Liten is a major European research institute and a driving force behind the development of the sustainable energy technologies of the future. The institute is spearheading the EU’s efforts to limit dependency on fossil fuels and reduce greenhouse gas emissions in three key areas: renewable energy, energy efficiency/storage and development of materials.
“Radically improving energy efficiency will reduce the need for investment in energy infrastructure, cut fuel costs, increase competitiveness, lessen exposure to fuel price volatility, increase energy affordability for low-income households and cut local and global pollutants improving consumer welfare” Source OECD Energy report, 2014
From nanosecurity, nanocharacterisation,and anti-counterfeiting technology to the development of advanced materials and point of sale: a comprehensive offering.
Transverse activities help add value to our technology portfolio. An optimised modeling and characterisation model, for example, can help reduce time to market. Browse this section to find out more....
Energies | Renewable energies | Hydrogen | Fuel cells
Micro fuel-cells: an innovative solution for mobile devices
Since the early 2000s Liten has been developing a micro fuel-cell combining low-temperature PEMFC (proton exchange membrane fuel cell) technology and hydrogen-based energy storage. The goal is to create an efficient, low-cost alternative to lithium-ion batteries, a growing need on the digital and mobile equipment markets.
Liten began developing its first micro fuel-cell on silicon wafers, in R&D carried out with STMicroelectronics. The process turned out to be cost-prohibitive, and the focus of the research was shifted to alternative, lower-cost materials. Liten then partnered with BIC and Angstrom Power on a fuel-cell core and hydrogen cartridge system. The partners developed an innovative fuel-cell core in which the cells are arranged on a planar surface, making the fuel cells easier to integrate into flat and curved objects like smartphone cases.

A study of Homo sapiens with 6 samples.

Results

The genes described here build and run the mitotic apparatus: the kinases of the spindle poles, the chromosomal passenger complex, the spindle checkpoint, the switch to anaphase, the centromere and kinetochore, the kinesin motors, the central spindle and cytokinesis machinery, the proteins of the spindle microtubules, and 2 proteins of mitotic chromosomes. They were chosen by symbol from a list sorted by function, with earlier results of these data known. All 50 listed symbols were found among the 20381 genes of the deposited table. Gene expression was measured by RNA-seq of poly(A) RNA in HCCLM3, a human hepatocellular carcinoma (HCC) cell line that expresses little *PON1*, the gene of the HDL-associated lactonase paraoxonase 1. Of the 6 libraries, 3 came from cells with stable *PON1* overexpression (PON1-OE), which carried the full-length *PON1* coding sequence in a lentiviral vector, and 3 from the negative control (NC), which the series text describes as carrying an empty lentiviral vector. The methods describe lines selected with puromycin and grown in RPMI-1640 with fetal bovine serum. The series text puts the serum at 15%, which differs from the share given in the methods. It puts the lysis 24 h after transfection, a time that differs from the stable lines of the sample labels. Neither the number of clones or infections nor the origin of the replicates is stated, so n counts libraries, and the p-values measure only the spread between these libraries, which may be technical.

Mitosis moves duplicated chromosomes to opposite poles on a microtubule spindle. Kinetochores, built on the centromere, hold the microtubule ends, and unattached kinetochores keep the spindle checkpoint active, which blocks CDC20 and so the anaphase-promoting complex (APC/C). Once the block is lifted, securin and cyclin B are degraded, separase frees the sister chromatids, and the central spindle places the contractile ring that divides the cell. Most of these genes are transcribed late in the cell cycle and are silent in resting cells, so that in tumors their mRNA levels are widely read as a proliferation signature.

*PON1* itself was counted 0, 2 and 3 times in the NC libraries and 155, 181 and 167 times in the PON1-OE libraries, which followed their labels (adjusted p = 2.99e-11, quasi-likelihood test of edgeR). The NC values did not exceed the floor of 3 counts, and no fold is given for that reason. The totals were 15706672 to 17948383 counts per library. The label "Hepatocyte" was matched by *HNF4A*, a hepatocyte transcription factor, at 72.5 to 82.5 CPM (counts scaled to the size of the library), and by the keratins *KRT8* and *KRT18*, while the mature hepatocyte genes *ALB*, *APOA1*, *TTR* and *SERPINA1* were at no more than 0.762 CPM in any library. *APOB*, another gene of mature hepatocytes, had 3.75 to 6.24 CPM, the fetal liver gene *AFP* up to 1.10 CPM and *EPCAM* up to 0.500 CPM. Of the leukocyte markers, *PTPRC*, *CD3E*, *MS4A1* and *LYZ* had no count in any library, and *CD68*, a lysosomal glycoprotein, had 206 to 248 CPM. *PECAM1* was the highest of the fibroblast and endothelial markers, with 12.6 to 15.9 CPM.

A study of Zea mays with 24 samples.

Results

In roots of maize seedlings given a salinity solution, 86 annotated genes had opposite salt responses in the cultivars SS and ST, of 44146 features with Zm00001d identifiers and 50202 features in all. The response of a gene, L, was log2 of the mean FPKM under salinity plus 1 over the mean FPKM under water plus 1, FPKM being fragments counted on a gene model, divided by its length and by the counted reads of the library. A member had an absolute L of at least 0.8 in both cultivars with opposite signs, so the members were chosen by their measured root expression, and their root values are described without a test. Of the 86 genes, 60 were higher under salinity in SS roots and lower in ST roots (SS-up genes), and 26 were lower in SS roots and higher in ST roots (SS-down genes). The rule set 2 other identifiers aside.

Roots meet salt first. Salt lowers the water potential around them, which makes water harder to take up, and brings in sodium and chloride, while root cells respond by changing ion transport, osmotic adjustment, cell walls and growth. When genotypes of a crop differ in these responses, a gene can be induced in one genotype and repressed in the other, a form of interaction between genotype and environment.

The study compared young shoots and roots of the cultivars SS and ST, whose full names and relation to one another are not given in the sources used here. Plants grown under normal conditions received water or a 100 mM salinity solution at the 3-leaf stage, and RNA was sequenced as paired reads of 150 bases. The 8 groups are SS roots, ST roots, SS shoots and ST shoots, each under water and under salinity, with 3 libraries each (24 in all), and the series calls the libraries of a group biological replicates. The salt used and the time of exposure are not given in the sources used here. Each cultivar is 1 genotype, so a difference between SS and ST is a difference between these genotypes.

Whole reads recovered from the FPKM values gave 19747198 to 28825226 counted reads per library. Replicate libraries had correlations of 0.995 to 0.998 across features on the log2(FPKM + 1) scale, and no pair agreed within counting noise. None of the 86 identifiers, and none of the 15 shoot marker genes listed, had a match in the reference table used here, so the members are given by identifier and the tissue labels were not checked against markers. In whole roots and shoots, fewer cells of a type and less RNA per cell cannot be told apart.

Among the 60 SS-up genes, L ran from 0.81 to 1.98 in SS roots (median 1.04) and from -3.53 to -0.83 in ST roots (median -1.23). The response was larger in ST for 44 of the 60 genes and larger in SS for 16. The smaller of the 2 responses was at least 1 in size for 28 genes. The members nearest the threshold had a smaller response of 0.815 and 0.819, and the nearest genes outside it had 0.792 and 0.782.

Work on the hydrogen-based storage component continued in parallel. Liten contributed its knowledge of hydrogen production and storage chemistry; BIC leveraged its experience designing and manufacturing lighters—with know-how in plastics, pressurized liquid and gas, and mechanical engineering—to develop an innovative low-pressure hydrogen cartridge that safely regulates hydrogen production on demand. In 2014 a demonstrator system combining the fuel cell and cartridge was built in cooperation with BIC. The fuel-cell core was manufactured using the low-cost printing capabilities at the CEA's Pictic lab (LINK).
Together, the fuel-cell and cartridge, capable of producing hydrogen on demand, form a 5-W energy source that can be used to charge smartphones and tablets. And, because the cartridges are disposable, it is in theory possible to recycle or even to reuse the borates produced.
In 2012 Liten, Sagem, and BIC won the 39th annual IGA Chanson award for research, carried out under the Felin program (a French Ministry of Defense infantry equipment R&D program), to manufacture a fuel cell powered with a hydrogen cartridge. This technology offers specific energy of 300 Wh/kg, a threefold improvement over competing batteries.
Today Liten is working with Intelligent Energy, which acquired BIC's fuel-cell business) to develop planar fuel-cell cores from 1 W to 200 W and hydrogen cartridges with production capacities of 20 liters to 500 liters.
The fuel cell and cartridge combine to form a safe, portable off-grid charger.
The system is effective and the technology is mature, for low-cost scale-up to industrial manufacturing.
The technology is environmentally-friendly, given that the hydrogen is produced on demand and the cartridges are designed for recycling
Liten transferred the catalyst technology to BIC, but is still the leading center for research on FC chemistry, materials, and characterization.
Liten is studying new more efficient fuels (higher specific energy).
Liten is looking at ways to extrapolate the planar fuel-cell core and hydrogen cartridge combination to make other formats for higher-power applications. The French military's armament division is funding research that has thus far resulted in the development of a 120 Wh cartridge and a 10 W fuel-cell system. Other applications ranging from 10 W to 100 W are also on the drawing board.